Leveraged Buyout

A leveraged buyout occurs when a firm is bought by a group of investors who borrow a large proportion of the money needed to buy a target firm.

Often the investors will use the assets of the target firm as collateral for borrowing money.

Leveraged Buyouts are often highly aggressive methods of taking over an existing firm. By borrowing against the assets of the target firm, private financiers can take over the firm with a minimal down payment.

Examples of Leveraged Buyouts

  • In 1989, KKR were involved in a $31.1 billion dollar takeover of RJR Nabisco. – Adjusted for inflation, the biggest leveraged buyout
  • Robert Campeau’s 1988 buyout of Federated Department Stores, this led to their bankruptcy.
  • Hedge fund managers buy Toys R Us – in 2005. Led to a sharp rise in debt of company and bankruptcy in 2017.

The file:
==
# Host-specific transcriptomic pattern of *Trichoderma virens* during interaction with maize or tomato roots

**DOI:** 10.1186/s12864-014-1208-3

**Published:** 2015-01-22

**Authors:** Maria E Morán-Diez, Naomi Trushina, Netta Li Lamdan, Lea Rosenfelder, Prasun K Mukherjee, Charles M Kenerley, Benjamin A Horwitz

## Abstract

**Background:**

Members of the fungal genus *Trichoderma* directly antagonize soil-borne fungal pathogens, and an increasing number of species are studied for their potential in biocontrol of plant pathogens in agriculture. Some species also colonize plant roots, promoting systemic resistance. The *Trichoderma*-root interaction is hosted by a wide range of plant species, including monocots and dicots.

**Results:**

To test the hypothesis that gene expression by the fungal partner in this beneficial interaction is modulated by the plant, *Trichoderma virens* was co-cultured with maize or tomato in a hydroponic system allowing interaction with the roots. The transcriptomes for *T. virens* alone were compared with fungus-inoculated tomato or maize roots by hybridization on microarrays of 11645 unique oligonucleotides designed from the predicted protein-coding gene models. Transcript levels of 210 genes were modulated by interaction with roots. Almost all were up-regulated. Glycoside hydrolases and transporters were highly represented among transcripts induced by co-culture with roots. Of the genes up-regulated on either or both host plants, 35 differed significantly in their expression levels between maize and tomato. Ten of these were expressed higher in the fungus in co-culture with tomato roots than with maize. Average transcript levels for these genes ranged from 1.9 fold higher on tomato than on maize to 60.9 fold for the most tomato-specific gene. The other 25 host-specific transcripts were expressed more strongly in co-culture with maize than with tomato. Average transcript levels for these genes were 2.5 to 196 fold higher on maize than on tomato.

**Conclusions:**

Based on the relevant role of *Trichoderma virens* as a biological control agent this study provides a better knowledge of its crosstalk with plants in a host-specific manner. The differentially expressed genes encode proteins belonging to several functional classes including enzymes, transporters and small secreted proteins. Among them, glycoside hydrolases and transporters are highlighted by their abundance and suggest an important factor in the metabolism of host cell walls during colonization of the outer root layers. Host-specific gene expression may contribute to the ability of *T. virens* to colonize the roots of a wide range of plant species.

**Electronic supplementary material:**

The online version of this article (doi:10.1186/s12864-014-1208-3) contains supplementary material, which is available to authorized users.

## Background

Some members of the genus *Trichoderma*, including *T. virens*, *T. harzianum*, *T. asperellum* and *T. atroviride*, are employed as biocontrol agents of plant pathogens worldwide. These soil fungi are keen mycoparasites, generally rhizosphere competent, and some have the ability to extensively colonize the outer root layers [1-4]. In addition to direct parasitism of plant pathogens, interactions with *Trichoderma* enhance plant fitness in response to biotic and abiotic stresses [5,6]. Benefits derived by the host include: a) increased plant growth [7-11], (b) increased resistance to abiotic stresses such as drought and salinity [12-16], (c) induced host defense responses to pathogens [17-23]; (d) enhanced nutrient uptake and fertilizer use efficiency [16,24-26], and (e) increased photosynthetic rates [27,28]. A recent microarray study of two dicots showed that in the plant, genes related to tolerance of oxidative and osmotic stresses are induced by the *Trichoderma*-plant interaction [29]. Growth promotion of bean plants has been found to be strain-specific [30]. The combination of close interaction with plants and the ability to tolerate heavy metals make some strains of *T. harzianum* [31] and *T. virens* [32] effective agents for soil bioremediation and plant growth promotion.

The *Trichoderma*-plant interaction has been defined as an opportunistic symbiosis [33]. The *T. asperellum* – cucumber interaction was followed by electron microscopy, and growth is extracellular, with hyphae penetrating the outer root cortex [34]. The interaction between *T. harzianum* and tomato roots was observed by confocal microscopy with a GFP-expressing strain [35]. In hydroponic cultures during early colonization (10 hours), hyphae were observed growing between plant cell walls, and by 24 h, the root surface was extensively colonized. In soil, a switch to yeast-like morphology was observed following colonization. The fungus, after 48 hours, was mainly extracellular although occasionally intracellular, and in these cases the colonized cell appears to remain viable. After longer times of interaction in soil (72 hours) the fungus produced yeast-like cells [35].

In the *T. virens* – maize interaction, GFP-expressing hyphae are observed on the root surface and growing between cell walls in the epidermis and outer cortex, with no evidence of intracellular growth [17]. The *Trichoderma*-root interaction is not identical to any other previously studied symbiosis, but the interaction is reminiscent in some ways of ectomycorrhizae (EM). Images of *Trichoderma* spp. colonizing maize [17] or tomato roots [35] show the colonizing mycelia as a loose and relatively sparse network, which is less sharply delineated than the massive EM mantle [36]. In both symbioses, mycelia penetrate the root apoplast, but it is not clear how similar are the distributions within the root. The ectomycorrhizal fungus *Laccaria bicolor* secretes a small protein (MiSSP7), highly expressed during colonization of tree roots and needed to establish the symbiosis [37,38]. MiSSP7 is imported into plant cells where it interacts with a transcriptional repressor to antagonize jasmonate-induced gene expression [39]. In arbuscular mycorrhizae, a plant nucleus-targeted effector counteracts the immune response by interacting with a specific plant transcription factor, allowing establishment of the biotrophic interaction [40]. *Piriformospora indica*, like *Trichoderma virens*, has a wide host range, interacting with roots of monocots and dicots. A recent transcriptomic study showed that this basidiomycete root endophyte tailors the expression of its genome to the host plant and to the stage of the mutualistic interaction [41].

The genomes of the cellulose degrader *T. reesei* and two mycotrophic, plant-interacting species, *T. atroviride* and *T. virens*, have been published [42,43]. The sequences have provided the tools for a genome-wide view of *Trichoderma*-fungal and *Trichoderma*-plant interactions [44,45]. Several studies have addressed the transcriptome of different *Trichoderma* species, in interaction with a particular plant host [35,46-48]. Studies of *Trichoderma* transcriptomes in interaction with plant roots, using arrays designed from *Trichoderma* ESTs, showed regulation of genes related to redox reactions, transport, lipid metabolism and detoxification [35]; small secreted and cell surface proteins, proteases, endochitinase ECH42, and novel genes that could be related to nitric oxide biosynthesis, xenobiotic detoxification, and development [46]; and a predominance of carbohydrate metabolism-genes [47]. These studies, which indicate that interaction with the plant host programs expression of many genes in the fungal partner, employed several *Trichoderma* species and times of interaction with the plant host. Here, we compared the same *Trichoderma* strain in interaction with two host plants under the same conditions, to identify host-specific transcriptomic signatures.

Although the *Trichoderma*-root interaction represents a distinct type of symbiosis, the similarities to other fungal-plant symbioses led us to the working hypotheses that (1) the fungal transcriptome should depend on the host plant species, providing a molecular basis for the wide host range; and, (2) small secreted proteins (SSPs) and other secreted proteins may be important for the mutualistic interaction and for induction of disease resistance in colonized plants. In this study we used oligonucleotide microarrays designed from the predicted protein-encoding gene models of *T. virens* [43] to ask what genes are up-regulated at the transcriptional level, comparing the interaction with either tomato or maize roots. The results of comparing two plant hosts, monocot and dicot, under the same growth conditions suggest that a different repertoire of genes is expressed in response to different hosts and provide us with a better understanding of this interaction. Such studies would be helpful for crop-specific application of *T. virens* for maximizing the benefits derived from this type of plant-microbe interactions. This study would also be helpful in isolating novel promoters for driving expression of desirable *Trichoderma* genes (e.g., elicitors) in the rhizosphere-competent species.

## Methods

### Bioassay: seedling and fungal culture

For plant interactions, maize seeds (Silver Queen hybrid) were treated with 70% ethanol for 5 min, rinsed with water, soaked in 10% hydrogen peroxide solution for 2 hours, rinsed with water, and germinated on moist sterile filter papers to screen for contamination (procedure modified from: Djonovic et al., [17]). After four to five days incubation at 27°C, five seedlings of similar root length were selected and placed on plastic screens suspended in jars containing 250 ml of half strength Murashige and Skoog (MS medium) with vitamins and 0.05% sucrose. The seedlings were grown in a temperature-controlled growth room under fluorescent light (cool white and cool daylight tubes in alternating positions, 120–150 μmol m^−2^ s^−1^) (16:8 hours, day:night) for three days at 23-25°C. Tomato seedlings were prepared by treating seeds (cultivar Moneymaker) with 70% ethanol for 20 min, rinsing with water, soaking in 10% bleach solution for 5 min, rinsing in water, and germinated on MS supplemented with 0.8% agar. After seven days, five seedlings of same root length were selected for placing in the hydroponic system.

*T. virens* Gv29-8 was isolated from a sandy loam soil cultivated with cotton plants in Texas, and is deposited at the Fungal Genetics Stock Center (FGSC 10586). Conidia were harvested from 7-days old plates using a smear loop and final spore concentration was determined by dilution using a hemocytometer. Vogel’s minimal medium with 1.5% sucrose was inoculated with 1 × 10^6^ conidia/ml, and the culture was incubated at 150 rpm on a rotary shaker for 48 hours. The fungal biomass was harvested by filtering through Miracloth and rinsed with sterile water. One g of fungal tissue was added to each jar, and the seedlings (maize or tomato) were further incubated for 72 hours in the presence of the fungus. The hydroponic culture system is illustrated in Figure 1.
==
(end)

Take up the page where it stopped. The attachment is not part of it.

Reasons for Leveraged Buyouts

  • A private investment firm may feel it can run the target firm more efficiently. By gaining control they can make the firm more efficient and more profitable.
  • Buying a firm with borrowed money helps reduce tax bill. Firms don’t pay tax on interest payments, they do if they transfer equity directly.
  • By borrowing money, private equity firms have the potential to gain a greater rate of return on their investment.

Problems of Leveraged Buyouts

  • The private equity firm involved could easily go bankrupt if the debt interest payments exceed the profit of a firm. For example, a recession may knock profitability or higher interest rates could unexpectedly increase the cost of borrowing money.
  • Firms subject to leveraged buyouts see a large increase in corporate debt. Private equity firms who buy the companies may become more interested in short term gains from selling assets and charging interest to the target company. Many US retail giants like Sears, Toys R Us – were targets of leveraged buyouts, they saw rising debt levels which became a burden to profitability leading to their demise.
  • It is unfair a private equity firm can use assets of the target firm to borrow money.
  • It encourages ‘asset-stripping’
  • Assessments of how profitable the target firm is (or how much scope for increasing profit) could easily be over-estimated.
  • Managers and workers may react negatively to the hostile takeover.